The snow struck Pierre's hands like cold pins, the feel on his skin so intense, it was like being scalded. It had started as rain, earlier in the evening, but become snow after an hour, all as a cold wind blew, and the puddles and the mud froze.
I am being scourged. Scourged for my sin, and my wickedness. In hell. This is hell. He grabbed his shoulders and shivered, sending a longing glance at his now doused campfire. The rains had killed it early in the evening, and all the wood was too damp to burn now. It vaguely occured to Pierre that in the forever-ago in those days before he left Joyeuse to be a soldier for the Prince, when he had merely been a potboy in his father's tavern, his father had known many ingenious ways to keep wood dry for just these sort of circumstances.
It made him wished he could recall one. Even one.
"Here's one," came a muffled voice. Pierre looked up weakly, to see the terrifying form of a Flagellant, looming over him. An arm reached out towards him. He struggled to back away, but lacked the energy "Come on lad," said the Flagellant, taking him by the arm. "Come with me. I'll take you some place warm."
Pierre felt himself lifted gently to his feet, and heard a low whistle from beside him. "Got him just in time, I reckon," came another voice. "A bit longer, another body to bury..." Another arm wrapped around him. "Come on, lad. Come with us. Come and we'll get you warm."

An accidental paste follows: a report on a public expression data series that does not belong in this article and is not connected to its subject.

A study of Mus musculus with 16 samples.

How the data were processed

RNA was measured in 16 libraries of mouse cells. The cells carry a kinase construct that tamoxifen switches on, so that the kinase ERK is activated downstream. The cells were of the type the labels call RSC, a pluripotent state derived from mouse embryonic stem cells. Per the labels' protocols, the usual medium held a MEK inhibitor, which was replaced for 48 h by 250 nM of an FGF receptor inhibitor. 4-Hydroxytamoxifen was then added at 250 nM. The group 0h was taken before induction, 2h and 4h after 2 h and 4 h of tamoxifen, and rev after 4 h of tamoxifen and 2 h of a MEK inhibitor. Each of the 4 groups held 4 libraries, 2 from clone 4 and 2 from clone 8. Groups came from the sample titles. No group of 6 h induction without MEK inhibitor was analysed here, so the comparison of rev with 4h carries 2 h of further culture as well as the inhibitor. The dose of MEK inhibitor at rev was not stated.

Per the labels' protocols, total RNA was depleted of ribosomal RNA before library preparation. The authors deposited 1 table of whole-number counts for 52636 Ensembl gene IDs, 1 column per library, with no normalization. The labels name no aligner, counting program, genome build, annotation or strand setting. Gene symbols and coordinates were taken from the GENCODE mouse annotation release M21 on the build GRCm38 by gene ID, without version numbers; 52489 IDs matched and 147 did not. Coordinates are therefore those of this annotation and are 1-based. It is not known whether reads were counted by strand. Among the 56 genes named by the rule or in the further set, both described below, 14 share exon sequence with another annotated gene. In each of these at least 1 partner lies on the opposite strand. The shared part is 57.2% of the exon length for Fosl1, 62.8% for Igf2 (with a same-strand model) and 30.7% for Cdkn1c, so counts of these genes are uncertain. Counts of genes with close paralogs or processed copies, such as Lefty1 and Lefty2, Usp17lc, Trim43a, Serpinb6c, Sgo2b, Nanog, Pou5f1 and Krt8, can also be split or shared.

Pierre turned and saw his second bearer was another Flagellant. "N-no lash," he whimpered.
"No," stated the first, "no lash at all. Brother Georges has ordered us to get as many of you to someplace warm as we can. And as that is a damned sensible order, that is what we are doing..."
Pierre blinked. He hadn't been warm for so long, that the very concept seemed an impossible dream to him. "Now, sir," stated the second Flagellant, chatting merrily, "as we get you to the nice warm tent we have prepared, Brother Fist and myself will amuse you with countless witty ancedotes, for we are highly amusing fellows. Are we not, Brother Fist?"
"Indeed we are, Brother Knot," declared Brother Fist in a booming voice. "Why, this reminds me of a time back in Joyeuse, whilst walking down Poorpenny lane, I came upon a man standing there starkers. 'Good brother Flagellant,' quoth he, "good brother, I have been robbed.' 'Indeed,' says I. 'I can see that, for they have left not a stitch of clothing upon you.' And then he looks down, and he says, 'Oh, Gods, they took those too.'"
The Flagellants burst out into laughter at that, and Pierre joined in. "Amusing, no?" said Brother Knot.
"It is, it is," said Pierre.
Brother Fist nodded, as they made another turn. "There's a good lad," he noted kindly, and then warmth began to flood back into Pierre's limbs. "We found another one!" he bellowed.
Another Flagellant approached holding a steaming cup of something that smelled good. "Can he hold a cup?"
"Can you, son?" asked Brother Fist. Pierre reached out and made a fumbling attempt to grab the cup that failed.
"We'll take care of him," said the other Flagellant, taking him by the shoulder. "You two warm up, and then..."
"We know, we know," said Brother Knot with a sigh. "Back to work."
The other Flagellant began to guide Pierre to the center of the tent. "Now, lad, we're going to get some broth in you, and let you warm yourself, all right...?"
Thank you, Seven, oh, thank you, thank you, thought Pierre, as he was placed next to a small fire, amongst a large crowd of men as miserable as himself.